SWANNANOA, N.C. (WLOS) — At Warren Wilson College, the work is methodical and time-consuming. Each tiny fragment makes up what could have been a forgotten chapter in history.
Largely made up of students, the group is lead by archaeology professor David Moore.
"They can work on the excavation in the summer, they can come and sort this material during the year, then they learn how to analyze the different materials," Moore explained.
"I love getting to work with this material," said Abra Johgart, who's been consumed with it for a decade, first as a student and now as the archaeology lab supervisor.
"I loved it and decided to never leave," Johgart said.
They're processing some 20,000 items recovered last summer from a significant site in Morganton, just the latest batch from what's known as the Berry site.
The site, named after the current property owners, was once known as Joara, one of the largest native towns in Western North Carolina.
Spanish soldiers establishing a route to Mexico arrived in 1567 and built Fort San Juan.
Moore learned the Spaniards embedded iron into the fort as a way of protecting themselves from the Native American women who fed them.
"15th and 16th century Spaniards would put a piece of metal into the frame of their home to ward off witches," said Moore.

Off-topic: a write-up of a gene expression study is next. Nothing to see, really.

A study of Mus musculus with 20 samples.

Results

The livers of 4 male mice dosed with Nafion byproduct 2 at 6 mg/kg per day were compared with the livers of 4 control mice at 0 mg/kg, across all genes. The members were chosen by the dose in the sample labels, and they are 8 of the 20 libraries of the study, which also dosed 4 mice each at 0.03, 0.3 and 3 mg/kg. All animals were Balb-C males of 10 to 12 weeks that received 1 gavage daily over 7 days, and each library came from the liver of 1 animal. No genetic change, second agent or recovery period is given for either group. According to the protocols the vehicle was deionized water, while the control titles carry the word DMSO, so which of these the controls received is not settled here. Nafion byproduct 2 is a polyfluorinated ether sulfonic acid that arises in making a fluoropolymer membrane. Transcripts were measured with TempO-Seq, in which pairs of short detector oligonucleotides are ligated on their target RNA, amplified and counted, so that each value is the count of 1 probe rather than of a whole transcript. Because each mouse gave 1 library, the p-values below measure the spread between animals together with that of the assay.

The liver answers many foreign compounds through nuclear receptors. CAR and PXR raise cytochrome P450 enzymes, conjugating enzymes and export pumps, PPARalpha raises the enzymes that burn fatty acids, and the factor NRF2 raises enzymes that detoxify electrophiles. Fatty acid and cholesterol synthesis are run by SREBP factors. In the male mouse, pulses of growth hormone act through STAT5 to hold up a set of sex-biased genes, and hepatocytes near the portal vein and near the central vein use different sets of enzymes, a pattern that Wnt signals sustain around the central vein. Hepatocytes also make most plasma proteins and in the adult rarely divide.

Moore says the residents of Joara were “cooperative and generous hosts” at first, but that changed when the Spanish did not reciprocate. By 1568, Fort San Juan and five other Spanish outposts in the region were destroyed.
"The determination by native peoples to end this experiment literally changed the history of our country," he said.
San Juan's one of the most intact 16th century colonial forts in the U.S. and it gives us a teachable moment, Moore believes.
"And it ended up being catastrophic for both groups. This is something that we should learn from!" Moore said.
Shattered remnants of the past are now sorted, weighed, and documented. In the process students get the archaeological experience of a lifetime.
The project operates largely on donations. To contribute, go to the Warren Wilson "Make A Gift" page and select "Archaeology" from the drop-down menu.